By Peter D. Schiff
As oil whipsaws its way toward the unheard-of-level of $150 a barrel (crude closed at $134.60 yesterday, extending a multi-day skid, but traded above $147 as recently as Friday), Americans are finally responding to the pressure of higher gasoline prices and have downshifted their consumption.
Indeed, according to a report last week, U.S. consumers used 3.3% less gasoline than at the same time last year and usage now stands at a five-year low. Although the relative merits of slowing energy consumption is a subject upon which reasonable minds can disagree, the drop is nonetheless an extremely rare event in American economic history.
Many on Wall Street are cheering the possibility that further "demand destruction" due to soaring gasoline prices will ultimately lead to significantly lower oil prices. After all, this is basic economics. Prices are a function of supply and demand, and as demand drops, prices must follow.
This is simple logic – but it's wrongly applied.
The Global Gasoline Game
What is missing from this analysis is that oil is a global commodity, which means that its price is not simply a function of U.S. demand. As demand is destroyed here, it is being created abroad. The result of that swap will be an increase in oil and gasoline prices, despite the fact that Americans are using much less of both.
In countries where currencies have risen against the dollar, oil-price increases have been much milder. Given the strengthening economies overseas, and the slower price increases in those markets, foreign demand continues to rise, just as higher U.S. dollar prices cause demand to fall here. In addition, central banks in nations where currencies are pegged are continuing to print huge quantities of money. This massive monetary stimulus is fueling oil demand, as foreign consumers use the new cash to buy gasoline.
And that's not all. As economic-growth rates abroad far exceed what we're seeing here at home, foreigners are using their newly increased wealth to buy more automobiles. So, while car sales are falling through the floor in America, they are zooming around the world. Take a look at what is happening in Russia, where booming car sales have resulted in Russia surpassing Germany as Europe's largest automobile market. We are talking about the former Soviet Union, where not too long ago, many comrades still traveled in mule-drawn buggies. So, as poor Americans drive fewer miles due to higher gasoline prices, wealthier Russians more than make up the difference.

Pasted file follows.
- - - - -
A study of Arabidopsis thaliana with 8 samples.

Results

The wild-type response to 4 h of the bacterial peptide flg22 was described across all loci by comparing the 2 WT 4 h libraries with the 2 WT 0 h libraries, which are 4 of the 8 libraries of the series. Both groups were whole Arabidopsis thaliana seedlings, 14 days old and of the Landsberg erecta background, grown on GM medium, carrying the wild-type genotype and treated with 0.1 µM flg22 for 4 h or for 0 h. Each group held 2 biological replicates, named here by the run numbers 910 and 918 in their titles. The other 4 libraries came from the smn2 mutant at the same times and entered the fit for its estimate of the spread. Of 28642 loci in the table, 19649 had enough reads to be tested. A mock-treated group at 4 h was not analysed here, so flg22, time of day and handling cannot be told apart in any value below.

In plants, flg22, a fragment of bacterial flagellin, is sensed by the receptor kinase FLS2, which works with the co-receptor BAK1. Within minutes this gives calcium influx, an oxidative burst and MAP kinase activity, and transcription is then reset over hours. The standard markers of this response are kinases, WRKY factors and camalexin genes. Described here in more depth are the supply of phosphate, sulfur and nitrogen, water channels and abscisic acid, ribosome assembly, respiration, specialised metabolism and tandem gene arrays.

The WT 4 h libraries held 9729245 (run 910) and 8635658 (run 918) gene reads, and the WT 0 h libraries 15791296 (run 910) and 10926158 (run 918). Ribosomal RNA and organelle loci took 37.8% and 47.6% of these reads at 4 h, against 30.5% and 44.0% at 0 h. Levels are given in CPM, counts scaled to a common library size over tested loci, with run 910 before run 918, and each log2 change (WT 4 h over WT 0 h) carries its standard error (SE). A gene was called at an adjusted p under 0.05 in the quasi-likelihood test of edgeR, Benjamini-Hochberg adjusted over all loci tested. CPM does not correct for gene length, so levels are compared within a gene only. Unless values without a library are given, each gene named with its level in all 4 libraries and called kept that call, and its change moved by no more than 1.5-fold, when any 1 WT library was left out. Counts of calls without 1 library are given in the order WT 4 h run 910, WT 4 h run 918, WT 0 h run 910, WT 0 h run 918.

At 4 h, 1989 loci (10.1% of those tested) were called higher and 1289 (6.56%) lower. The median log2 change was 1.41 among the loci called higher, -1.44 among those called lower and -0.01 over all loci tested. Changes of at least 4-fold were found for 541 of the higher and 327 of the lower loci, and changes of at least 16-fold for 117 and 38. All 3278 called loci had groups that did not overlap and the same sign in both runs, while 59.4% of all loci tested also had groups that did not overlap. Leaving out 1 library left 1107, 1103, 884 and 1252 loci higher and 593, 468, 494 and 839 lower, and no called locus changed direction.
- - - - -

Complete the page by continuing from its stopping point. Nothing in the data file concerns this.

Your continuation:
The Ripple Effect of Reduced Demand
Here lies the source of our problems. When the dollar was king, demand here in the U.S. market was strong. American consumers – armed with the mighty U.S. greenback – flexed their collective muscles and priced foreign consumers out of the market.
Now, however, that same greenback is little more than the proverbial "98-pound weakling," and foreign consumers are returning the favor by kicking sand in our faces. The bottom line is this: As more goods and resources are consumed abroad, Americans will be forced to consume less. Demand creation abroad leads to demand destruction at home. There's just no way around that fact.
But here's what most folks fail to realize: The demand destruction in America will not be limited to gasoline, but will encompass a wide variety of resources and consumer goods, as strong demand abroad prices more Americans out of more markets. In the end, America's gargantuan trade deficit will return to surplus, not because of a highly over-hyped export boom, but because of an import bust.
[Editor's Note: Peter D. Schiff, Euro Pacific Capital Inc.'s president and chief global strategist, is a regular contributor to Money Morning, and most recently wrote about . To find out how to get a report on the once-in-a-lifetime profit plays that will emanate from the so-called "SuperCrash" – and a free copy of Schiff's New York Times bestseller "Crash Proof: How to Profit from the Coming Economic Collapse," please click here. Schiff is scheduled to be a guest on Charles Osgood's TV Show, "Sunday Morning," on CBS, this Sunday, at 9 a.m. EDT].